Austin Architect Provides Tips on Green Building
From Austin, the home of the oldest green building program in the nation, Peter Pfeiffer, a principal in Barley & Pfeiffer Architects, provided attendees at NAHB’s National Green Building Conference last month with some expertise on how to employ strategies to improve residential energy efficiency and indoor comfort.
Reminding his audience that his green building practices are most appropriate for building in the South, Pfeiffer said that home builders, by employing a little thought and creativity, can come up with mainstream solutions that use locally appropriate strategies, materials and methods.
“An igloo would not be a green building in Arizona,” he said.
Pfeiffer emphasized the importance of minimizing solar gain in the summer and maximizing it in the winter, and in his area good orientation also includes taking advantage of prevailing breezes, he said.
Properly orienting "buildings in Austin to the Southeast would cut energy consumption in half,” Pfeiffer said. “The return on investment in a tankless hot water heater is a drop in the bucket by comparison.”
Members Save at BuilderBooks.com
Reach 100,000+ Builders & Contractors
Membership has its Advantages
Learn More. Earn More. The NAHB University of Housing.
Following that strategy, he was able to design a 6,000-square-foot house that consumes no more energy than a two-bedroom apartment.
Big overhangs on windows and doors are key, he said, and he recommended using the readily available Sun Angle Calculator to size them.
“High-performance glass lets in 40% of the sun,” Pfeiffer said, “but a shaded window lets in no sun. Shading on windows is more effective than $20,000 worth of glass. Low-E glass is no substitute for good passive solar design.”
“Permanent awnings add five times to the life of doors,” he added.
Pfeiffer also emphasized the importance of limiting infiltration of outside air into the home and maintaining indoor humidity below 50% — which is especially a concern in Austin’s humid climate.
Among specific tips he provided:
- Avoid using vapor barriers on the inside surface of exterior walls — including vinyl wall coverings — in buildings where air conditioning is used for a significant part of the year. These can trap moisture in walls and lead to serious mold problems.
- Go easy on recessed — even “airtight” — cans, which can puncture the thermal envelope of the building. The same applies for light switches and electrical boxes on exterior walls.
- Never use anything but well-sealed ducts to move conditioned air. Unlined return air wall chases are especially bad, as are open return air plenums above dropped ceilings and using floor joist cavities. “We see this mistake being made a lot,” he said.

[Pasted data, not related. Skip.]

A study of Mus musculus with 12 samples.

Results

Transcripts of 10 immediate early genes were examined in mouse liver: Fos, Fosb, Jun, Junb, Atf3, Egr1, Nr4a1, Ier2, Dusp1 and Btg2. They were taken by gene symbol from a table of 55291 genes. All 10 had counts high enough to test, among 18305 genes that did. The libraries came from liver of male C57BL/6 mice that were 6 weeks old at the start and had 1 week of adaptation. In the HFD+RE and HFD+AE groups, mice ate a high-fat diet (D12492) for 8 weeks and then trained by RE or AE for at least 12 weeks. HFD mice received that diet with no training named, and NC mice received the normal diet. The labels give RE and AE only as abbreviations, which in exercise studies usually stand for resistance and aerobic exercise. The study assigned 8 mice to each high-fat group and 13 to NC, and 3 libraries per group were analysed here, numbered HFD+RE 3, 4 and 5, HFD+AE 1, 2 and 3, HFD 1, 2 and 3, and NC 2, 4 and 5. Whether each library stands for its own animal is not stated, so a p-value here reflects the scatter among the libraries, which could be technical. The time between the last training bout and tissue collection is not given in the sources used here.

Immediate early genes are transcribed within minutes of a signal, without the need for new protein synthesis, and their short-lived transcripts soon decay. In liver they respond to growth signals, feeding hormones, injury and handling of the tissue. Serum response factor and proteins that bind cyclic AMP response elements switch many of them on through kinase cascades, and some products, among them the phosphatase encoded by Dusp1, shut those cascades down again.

- Closed or open cell spray polyurethane foam insulation — such as Demilec or Icynene — is especially effective in reducing infiltration. Wet blown borate-based wall cavity insulation and cellulose are also effective.
- Venting crawl spaces and the attic can create moisture problems. Sealing the attic and passively ventilating a continuous air space immediately below the roof decking, not the attic, is better.
- Learn how to flash windows and doors correctly.
- Avoid dark roofs, which absorb heat. A radiant barrier on the underside of the roof will substantially reduce heat gain through the roof; they need to be installed in conjunction with an air space and will not be beneficial if they are in direct contact with another building material.
- New types of fluorescent lamps — especially the thin T2, T5 and T8s — provide superior light quality. Proper day lighting, especially indirect daylight from high windows, can yield substantial energy savings. Half-screens can be used for day lighting; they are a good solar screening device.
- Proper sizing of the air conditioning system is critical. “Over capacity can cause mold growth within the ducts and other places within the building or house — leading to poor indoor air quality and occupant health problems,” Pfeiffer said. “With proper windows and shading, most houses should require no more than one ton of cooling capacity for every 600 square feet of living area,” and 700 square feet is very attainable.
- Leaky ducts can depressurize the house, and ducts with a slick interior surface — such as metal — are best for delivering clean air and staying clean. Ducts lined with interior insulation, such as fiberglass duct board, can do the opposite.
- For termite control, consider sand barriers or stainless steel screen barriers such as Termimesh in and around the foundation. Consider spraying the frame of the structure with Tim-bor, a natural brine solution that makes it insect resistant.
- Structural insulated panels from the factory can be assembled in three days and help protect the home from the weather quickly. “A typical home absorbs hundreds of gallons of water before the roof is put in.”
- Use drought-tolerant xeriscaping. “Landscaping uses five times as much water as the inside of a house that has efficient appliances.
- Front-loading washers save water and energy. The washer produces more humidity than anything else in the house.
- Detached garages will increase indoor air quality, he said, because when they’re attached, “you’re sleeping with whatever’s in the garage.” Garages are the biggest source of volatile organic compounds (VOCs) in the home. If the garage cannot be detached entirely, it can at least be connected to the house by a breezeway.
- Natural wool carpet that has been aired out for 48 hours outside of the house reduces VOCs.
[ Go to Top ]
Check it out: Countrywide offers some of the most innovative strategic alliance programs in the industry.
Discover how Countrywide's non-conforming loans can give larger borrowers an edge.